Keir Simmons / NBC News

Built in the 1970s, Rome's Our Lady of Guadalupe brings together a community of elderly and young families.

ROME -- Only a couple of miles from the Vatican, Our Lady of Guadalupe is a parish church much like thousands of others around the world.

Yet even in this relatively small congregation there are examples of division between those who want to look to the future and others who hope to hold on to the past – a rift that is reflected right the way up to the College of Cardinals gathering this week to choose the new pope.

Built in the 1970s, Our Lady of Guadalupe brings together a community of elderly and young families. During Mass, children sit at the front so that the priest can speak directly to them. The young generation is the center of the congregation.

Asked what he wants from the next pope, parishioner Dario Appetiti holds his wife's hand and gently rocks the buggy in which his 14 month old son, Lorenzo is resting.

There will be no more press conferences from U.S. Cardinals in Rome. A series of press briefings were a popular way of providing information, but provoked ire in some quarters.  NBC's Anne Thompson reports.

“I think it's important that he will be able to reach the young people,” he says.

Many of the older members of this local church agree, but they aren't sure that the church should modernize too fast.

“I think it's tough because they're used to the pope waiting until he passes away,” says Father Brian Coe, a priest from Annapolis, Md., who is working at Our Lady of Guadalupe as part of his introduction to priesthood.

He explains that he sees wisdom in Pope Benedict XVI’s decision to abdicate, but that for older Italians it was a break from tradition that was hard to comprehend.

“Many Italians would like to see another Italian pope,” Coe says. But some of the cardinals who have arrived from around the world are hoping to look beyond Europe.

'Change must come'
The church's name comes from a celebrated icon of the Virgin Mary found in Mexico City. Some believe a pope from Latin America, Africa or Asia would help the church usher in a new era.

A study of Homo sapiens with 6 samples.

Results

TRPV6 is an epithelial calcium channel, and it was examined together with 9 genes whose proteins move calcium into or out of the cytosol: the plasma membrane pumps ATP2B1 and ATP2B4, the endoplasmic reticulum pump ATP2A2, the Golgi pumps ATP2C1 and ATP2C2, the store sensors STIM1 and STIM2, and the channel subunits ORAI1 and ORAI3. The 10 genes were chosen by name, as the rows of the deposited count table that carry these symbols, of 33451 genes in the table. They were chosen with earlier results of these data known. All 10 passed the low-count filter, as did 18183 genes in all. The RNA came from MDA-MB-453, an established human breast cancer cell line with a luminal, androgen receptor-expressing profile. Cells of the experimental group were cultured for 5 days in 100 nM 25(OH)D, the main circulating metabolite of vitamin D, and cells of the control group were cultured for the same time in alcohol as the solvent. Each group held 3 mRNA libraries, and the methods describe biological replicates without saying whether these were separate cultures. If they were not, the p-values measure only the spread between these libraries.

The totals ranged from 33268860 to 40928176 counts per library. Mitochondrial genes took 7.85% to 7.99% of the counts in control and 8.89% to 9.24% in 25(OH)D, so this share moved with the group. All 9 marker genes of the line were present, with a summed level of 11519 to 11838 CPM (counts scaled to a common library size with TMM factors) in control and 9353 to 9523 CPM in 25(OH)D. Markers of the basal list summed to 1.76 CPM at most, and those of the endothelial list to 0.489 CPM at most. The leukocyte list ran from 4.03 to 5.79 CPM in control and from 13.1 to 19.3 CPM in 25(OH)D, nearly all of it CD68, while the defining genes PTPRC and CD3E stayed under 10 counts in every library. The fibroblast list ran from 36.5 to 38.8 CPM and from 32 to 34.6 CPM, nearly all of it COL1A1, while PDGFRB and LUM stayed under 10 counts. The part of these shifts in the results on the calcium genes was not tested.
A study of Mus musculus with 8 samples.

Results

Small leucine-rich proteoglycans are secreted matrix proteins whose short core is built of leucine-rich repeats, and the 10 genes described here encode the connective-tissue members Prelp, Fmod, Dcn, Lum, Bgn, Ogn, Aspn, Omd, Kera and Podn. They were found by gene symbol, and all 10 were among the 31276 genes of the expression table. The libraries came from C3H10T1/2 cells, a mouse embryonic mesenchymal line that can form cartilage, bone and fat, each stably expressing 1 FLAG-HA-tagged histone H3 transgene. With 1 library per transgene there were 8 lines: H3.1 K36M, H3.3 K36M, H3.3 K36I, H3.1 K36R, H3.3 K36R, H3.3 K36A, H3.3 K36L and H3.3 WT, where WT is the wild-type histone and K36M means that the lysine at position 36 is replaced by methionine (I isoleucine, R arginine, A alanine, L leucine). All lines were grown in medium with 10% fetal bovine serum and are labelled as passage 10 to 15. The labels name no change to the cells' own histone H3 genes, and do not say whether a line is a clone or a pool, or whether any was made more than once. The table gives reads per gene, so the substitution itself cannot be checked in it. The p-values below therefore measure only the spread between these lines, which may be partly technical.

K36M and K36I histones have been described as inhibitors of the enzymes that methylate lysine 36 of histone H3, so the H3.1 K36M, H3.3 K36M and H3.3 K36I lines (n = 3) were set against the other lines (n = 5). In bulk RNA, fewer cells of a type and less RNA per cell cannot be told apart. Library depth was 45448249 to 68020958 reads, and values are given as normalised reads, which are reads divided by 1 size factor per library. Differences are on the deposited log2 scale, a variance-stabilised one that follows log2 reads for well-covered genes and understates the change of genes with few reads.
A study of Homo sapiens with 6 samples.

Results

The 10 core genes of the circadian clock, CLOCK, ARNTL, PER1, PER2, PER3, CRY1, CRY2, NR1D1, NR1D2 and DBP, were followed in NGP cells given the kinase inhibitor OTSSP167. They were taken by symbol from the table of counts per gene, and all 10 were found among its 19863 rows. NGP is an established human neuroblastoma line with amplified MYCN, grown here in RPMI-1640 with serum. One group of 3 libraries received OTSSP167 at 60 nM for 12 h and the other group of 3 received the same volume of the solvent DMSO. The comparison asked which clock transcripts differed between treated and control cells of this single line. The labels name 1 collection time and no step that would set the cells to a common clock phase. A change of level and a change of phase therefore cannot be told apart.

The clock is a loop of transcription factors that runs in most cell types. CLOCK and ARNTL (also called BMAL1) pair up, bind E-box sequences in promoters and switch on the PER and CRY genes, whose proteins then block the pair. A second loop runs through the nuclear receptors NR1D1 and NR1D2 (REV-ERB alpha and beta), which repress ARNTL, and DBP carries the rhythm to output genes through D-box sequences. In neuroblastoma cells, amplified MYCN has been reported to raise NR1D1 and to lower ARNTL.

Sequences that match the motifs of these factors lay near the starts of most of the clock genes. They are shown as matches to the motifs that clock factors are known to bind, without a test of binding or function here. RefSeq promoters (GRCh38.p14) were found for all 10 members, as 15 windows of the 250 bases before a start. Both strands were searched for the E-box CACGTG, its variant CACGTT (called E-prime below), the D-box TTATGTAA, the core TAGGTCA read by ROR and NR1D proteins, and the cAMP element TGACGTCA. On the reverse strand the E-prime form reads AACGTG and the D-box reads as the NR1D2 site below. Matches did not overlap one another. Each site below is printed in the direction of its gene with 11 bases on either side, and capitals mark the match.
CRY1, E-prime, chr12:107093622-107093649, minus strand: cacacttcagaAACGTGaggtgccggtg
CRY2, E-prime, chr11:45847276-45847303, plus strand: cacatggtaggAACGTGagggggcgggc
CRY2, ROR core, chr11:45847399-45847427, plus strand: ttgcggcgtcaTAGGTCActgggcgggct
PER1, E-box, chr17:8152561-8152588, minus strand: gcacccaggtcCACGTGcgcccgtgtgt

“No matter who it is, these people will follow him, because they believe he is the vicar of Christ,” says Father Dermot Ryan, an Irish priest who also preaches at Our Lady of Guadalupe.


He is a traditionalist but says change is inevitable. “There will be changes and certainly, as in all institutions, I think change must come,” he says.

One reason there must be change, he recognizes, is the sex-abuse scandals that have rocked the church. “It's very sad to see what has happened.” As a younger priest he thought the abuse was “just rumors”. But now “all this blows up and I realize it wasn't just rumors,” Ryan says.

“Many other storms have hit the church in other centuries. This is one storm that has hit now, and I think we're pulling through, we're getting out of it. There are so many good faithful people working in the church for the good of all.”

With more than a billion followers worldwide, different views within the Catholic Church are inevitable – and are reflected within the College of Cardinals whose discussions this week in Rome are already shaping the outcome of the yet-to-be announced papal conclave.

“I can imagine these meetings getting a bit chippy, challenging, interesting... hard-hitting at certain points," said George Weigel, NBC News' Vatican analyst.

But even the smallest congregations agree on what is important, according to Ryan. “Simple people who believe and come to Mass ... they want to reach out for the weak, to listen to words of God.”